1.The effect of Yohimbine, an alpha2 adrenergic receptor antagonist, on the growth hormone response to apomorphine in normal subjects.
Lal S1, Thavundayil JX, Krishnan B, Nair NP, Schwartz G, Guyda H. J Psychiatry Neurosci. 1996 Mar;21(2):96-100.
Yohimbine HCl (16 mg po) administered 30 min before clonidine (CLON) (2 ug/kg infused over 10 min) (N = 5) or apomorphine HCl (Apo) (0.5 mg sc) (N = 10) antagonized the growth hormone (GH) response to CLON but had no effect on the GH response to Apo in normal men. This finding suggests that in humans, alpha2 adrenergic mechanisms do not modulate dopaminergic function, at least not in the hypothalamic-pituitary axis, and that the GH response to Apo is not mediated via an alpha2 adrenergic link.
2.Apomorphine: clinical studies on erectile impotence and yawning.
Lal S1, Tesfaye Y, Thavundayil JX, Thompson TR, Kiely ME, Nair NP, Grassino A, Dubrovsky B. Prog Neuropsychopharmacol Biol Psychiatry. 1989;13(3-4):329-39.
1. The erectile response to the short-acting dopamine (DA) receptor agonist, apomorphine (Apo) HCl (0.25, 0.5, 0.75 and 1.0 mg sc), and placebo was evaluated in 28 impotent patients and penile circumference monitored using a mercury strain gauge and strip chart recording. 2. A full erection (increment in penile circumference greater than 2 cm and lasting at least one minute) occurred in 17 patients with Apo; no erection developed after placebo. An erection occurred in 6/8 patients with impaired glucose tolerance, 2/6 patients with diabetes mellitus and in both patients on lithium. 3. Nine patients who responded to Apo were treated in an open trial with bromocriptine; 6 reported improvement in potency. 4. Impairment in DA function may play a role in idiopathic impotence and in impotence associated with impaired glucose tolerance and diabetes mellitus. 5. An erectile response to Apo may predict therapeutic response to bromocriptine or other long acting dopaminergic agents.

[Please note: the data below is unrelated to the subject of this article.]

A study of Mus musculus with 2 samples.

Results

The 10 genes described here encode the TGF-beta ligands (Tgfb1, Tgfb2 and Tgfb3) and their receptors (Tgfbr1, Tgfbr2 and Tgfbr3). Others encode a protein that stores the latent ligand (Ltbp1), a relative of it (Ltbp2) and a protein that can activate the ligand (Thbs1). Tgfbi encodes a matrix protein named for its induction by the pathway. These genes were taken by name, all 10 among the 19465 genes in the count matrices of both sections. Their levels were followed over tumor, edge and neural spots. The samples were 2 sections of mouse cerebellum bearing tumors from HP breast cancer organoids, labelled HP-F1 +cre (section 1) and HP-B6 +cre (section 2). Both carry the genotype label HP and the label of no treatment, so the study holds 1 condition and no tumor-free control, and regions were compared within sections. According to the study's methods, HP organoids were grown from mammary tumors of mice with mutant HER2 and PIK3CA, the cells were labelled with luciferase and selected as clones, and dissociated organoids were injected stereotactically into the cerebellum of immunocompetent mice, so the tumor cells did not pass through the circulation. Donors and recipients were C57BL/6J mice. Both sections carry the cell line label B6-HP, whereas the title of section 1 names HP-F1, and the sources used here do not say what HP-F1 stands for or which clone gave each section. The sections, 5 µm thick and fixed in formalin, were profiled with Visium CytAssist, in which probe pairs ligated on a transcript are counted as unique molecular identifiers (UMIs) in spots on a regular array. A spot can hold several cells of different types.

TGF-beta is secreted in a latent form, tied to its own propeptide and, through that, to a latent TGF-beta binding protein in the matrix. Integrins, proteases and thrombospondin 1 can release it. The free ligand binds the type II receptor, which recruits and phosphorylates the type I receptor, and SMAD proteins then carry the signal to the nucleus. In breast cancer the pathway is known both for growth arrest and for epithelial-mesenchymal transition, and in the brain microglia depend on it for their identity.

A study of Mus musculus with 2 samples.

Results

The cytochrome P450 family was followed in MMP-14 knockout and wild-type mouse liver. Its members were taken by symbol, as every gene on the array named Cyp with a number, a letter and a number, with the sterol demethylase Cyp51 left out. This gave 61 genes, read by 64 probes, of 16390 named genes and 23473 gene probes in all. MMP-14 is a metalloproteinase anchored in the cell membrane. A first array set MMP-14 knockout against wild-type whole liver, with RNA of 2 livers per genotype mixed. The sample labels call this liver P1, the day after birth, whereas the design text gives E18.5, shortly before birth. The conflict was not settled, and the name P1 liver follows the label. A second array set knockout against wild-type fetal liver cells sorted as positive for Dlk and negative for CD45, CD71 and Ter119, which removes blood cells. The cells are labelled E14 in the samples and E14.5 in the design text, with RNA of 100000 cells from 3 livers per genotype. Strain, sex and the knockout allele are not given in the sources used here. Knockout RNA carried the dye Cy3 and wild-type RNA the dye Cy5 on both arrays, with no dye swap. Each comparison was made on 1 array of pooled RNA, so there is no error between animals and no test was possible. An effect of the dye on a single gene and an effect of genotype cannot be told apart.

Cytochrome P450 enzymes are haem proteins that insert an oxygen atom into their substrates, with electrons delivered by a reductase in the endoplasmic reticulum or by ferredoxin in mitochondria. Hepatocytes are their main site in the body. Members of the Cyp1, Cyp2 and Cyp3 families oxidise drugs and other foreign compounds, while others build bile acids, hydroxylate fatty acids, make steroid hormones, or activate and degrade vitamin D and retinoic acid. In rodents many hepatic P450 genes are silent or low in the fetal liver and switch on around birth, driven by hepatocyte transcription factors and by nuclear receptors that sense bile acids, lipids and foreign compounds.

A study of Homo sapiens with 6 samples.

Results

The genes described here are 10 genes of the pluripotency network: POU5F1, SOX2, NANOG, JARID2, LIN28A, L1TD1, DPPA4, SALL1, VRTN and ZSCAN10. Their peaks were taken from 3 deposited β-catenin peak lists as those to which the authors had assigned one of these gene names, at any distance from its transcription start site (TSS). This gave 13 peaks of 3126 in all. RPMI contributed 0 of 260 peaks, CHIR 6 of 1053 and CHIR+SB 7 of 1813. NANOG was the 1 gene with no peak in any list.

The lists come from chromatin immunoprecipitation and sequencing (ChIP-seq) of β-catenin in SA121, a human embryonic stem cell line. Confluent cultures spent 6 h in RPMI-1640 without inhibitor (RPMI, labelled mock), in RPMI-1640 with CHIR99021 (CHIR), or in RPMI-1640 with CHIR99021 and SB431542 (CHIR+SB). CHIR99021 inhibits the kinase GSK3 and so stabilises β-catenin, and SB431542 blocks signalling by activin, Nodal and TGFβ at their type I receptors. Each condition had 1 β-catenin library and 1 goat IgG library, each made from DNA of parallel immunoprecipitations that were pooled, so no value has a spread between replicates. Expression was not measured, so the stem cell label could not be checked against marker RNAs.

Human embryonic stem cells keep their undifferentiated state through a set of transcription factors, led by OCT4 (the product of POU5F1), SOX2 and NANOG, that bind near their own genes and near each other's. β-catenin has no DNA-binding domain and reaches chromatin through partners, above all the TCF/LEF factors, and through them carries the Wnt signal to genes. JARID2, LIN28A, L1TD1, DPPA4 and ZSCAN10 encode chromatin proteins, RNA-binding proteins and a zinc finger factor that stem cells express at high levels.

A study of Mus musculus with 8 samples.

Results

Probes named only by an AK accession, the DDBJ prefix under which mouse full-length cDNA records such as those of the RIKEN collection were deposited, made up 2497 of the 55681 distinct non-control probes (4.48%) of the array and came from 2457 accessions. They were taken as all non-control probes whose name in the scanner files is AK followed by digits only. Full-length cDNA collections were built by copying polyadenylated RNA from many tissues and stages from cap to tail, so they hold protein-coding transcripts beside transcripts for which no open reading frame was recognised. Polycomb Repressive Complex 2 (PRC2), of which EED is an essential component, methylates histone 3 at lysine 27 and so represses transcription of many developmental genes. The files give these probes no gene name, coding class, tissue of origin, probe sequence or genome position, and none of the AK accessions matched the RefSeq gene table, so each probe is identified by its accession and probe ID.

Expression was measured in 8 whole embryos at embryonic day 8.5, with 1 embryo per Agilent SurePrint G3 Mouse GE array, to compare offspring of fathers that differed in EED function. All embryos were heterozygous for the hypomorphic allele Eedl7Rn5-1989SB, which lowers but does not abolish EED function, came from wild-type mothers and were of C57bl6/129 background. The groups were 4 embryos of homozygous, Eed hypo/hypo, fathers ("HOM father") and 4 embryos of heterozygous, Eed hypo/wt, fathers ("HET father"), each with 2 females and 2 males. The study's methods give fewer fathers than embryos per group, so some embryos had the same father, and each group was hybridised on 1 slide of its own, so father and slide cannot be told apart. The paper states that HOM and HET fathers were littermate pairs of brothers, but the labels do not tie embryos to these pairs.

3.Apomorphine-induced penile tumescence in impotent patients--preliminary findings.
Lal S, Laryea E, Thavundayil JX, Nair NP, Negrete J, Ackman D, Blundell P, Gardiner RJ. Prog Neuropsychopharmacol Biol Psychiatry. 1987;11(2-3):235-42.
Apomorphine (Apo), a short acting dopamine (DA) receptor agonist induces penile erections in normal subjects. The erectile response to one or more doses of Apo HCl (0.25, 0.5, 0.75, 1.0 mg sc) or placebo was investigated in eight impotent subjects and penile tumescence monitored using a mercury strain gauge and strip chart recording. Four patients showed a full erection with Apo and one a partial response. Distressing side effects (nausea, sweating) were associated with non-response or partial response. Three responders to Apo were treated with low doses of the long acting DA receptor agonist, bromocriptine (2.5-3.75 mg/d po); all three showed complete recovery of erectile function within two weeks. A subgroup of impotent patients may have impaired central DA function. Testing with Apo may provide a diagnostic and predictive test to identify such patients who may respond to treatment with low doses of bromocriptine or other DA receptor agonist.
4.Induction of tolerance of dopaminergic responses in man.
Lal S1, Thavundayil JX, Ng Ying Kin NM, Dai X, Schwartz G, Montoya A. J Neural Transm (Vienna). 2008 Aug;115(8):1189-98. doi: 10.1007/s00702-008-0068-x. Epub 2008 May 28.
Schizophrenia may reflect a sensitization of dopaminergic (DA) function. Apomorphine (Apo), a DA receptor agonist, induces both sensitization and tolerance of DA function in rodents depending on dose intervals. We investigated sensitization and tolerance to Apo in healthy male volunteers. After a period of acclimatization to the experimental setting (Day 1) subjects were assigned randomly to two groups: Group A subjects received seven injections of placebo (physiological saline) (PLA) and Group B subjects received seven injections of Apo HCl (7 microg/kg sc) under double-blind conditions at 2 h intervals commencing at 0930 hours (Day 2) after an overnight fast. Twelve hours after the seventh injection, i.e. on Day 3, after an overnight fast all subjects received an injection of Apo. Serial samples of blood commencing at 0900 hours were drawn after the first and last injection in both groups for assay of growth hormone (GH), prolactin (PRL) and cortisol by radioimmunoassay; sleepiness was measured using the Analog Sleepiness Rating Scale and yawning recorded by video recorder.